David Frane_ToTT
David Frane_ToTT

It would never occur to me to make a woodworking fixture out of a bowling ball. But then I’m not Marc Kunkel.

During a tour of Fort Houston in Nashville, Tenn., where a community of craftspeople share shop space, I wandered away from the group and entered the shop of Kunkel & Son Fine Woodworking. I was admiring the old hand tools—a draw knife, chisels, and a beautifully preserved slick—hanging above a workbench when Marc Kunkel walked over and asked if he could help. It was then I realized I’d left Fort Houston and gone into a private work space.

I apologized for entering uninvited and asked if it would be okay to photograph the slick, an oversize chisel used by timber framers and boat builders. Kunkel said it would be fine to take photos and explained that the slick had originally belonged to his great-grandfather, a barn builder.

Next to the bench was an adjustable workstand made from the base of an old dentist’s chair. Kunkel saw me admiring it and said, “If you like that, then let me show you something really interesting”—at which point he placed a thick block of wood on the bench and plopped a bowling ball into a hole in the top of it. One of the ball’s finger holes had been drilled the rest of the way through, and a plumbing pipe capped by a flat piece of wood was screwed into it.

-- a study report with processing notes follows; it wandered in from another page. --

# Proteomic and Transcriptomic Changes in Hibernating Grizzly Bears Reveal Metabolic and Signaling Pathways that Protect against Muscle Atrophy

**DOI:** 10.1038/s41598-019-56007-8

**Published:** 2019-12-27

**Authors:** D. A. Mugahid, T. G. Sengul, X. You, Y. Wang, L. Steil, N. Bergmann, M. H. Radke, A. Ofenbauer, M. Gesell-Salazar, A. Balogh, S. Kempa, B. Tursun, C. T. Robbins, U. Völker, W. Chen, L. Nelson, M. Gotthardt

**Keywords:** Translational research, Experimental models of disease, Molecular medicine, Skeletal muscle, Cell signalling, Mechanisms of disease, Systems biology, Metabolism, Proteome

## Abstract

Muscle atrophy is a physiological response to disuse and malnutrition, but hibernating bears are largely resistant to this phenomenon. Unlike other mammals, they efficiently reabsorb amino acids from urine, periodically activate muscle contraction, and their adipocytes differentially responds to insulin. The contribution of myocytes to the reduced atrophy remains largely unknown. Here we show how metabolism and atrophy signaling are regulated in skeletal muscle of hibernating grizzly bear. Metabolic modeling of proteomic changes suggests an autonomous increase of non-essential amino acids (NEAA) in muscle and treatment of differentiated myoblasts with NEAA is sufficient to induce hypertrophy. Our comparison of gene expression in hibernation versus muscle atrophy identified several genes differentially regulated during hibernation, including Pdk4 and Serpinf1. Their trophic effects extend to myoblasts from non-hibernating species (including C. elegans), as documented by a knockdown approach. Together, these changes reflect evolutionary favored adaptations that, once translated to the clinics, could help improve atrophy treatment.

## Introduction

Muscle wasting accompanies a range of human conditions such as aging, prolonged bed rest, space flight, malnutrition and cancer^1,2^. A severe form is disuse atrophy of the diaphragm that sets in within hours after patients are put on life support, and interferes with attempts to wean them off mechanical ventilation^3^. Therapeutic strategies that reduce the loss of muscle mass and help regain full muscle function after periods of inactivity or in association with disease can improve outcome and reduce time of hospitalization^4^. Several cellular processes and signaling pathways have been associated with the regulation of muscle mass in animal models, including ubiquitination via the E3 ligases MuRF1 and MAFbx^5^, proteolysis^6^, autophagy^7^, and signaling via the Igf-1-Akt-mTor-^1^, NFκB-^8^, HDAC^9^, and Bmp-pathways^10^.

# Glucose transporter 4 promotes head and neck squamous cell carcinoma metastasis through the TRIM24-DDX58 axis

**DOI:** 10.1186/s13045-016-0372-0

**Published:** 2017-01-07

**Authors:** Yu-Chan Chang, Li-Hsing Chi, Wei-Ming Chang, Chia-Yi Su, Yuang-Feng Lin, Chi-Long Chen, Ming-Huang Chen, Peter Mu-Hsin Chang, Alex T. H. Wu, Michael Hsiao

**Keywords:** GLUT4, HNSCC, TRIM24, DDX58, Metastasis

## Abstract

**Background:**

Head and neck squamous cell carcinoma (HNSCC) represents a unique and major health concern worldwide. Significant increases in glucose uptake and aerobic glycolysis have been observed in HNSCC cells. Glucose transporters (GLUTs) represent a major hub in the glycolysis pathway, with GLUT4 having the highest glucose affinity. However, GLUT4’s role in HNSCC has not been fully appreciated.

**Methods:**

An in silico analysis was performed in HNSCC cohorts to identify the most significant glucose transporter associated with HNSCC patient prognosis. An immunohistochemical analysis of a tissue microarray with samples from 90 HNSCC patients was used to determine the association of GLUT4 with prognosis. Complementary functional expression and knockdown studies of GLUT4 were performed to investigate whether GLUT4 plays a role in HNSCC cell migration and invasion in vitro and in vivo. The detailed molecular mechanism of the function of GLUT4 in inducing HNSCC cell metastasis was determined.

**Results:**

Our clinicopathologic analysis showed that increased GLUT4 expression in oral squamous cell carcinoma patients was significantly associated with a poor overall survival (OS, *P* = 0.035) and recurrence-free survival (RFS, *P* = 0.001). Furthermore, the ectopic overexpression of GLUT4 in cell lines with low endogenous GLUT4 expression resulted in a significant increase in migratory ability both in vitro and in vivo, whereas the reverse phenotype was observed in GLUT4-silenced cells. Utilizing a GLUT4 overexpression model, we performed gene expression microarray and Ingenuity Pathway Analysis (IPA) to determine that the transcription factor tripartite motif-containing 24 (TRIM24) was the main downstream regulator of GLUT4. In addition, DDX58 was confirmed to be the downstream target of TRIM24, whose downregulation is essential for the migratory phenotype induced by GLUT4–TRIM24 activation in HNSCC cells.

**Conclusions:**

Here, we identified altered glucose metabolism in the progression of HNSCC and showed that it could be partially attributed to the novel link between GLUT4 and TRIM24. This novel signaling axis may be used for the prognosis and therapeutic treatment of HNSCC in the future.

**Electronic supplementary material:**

Kunkel showed me how a pair of ball valves could be screwed into holes in the side of the block and connected by hose to a vacuum pump. Applying a vacuum turns the bowling ball into a clamp for hard-to-clamp pieces—like the curved stair rail parts he often carves. The suction holds the work tight to the flat piece of wood on the pipe and keeps the ball from moving around. By releasing the vacuum, Kunkel can remove the workpiece or shift the ball to a different position.

David Frane is the editor of Tools of the Trade.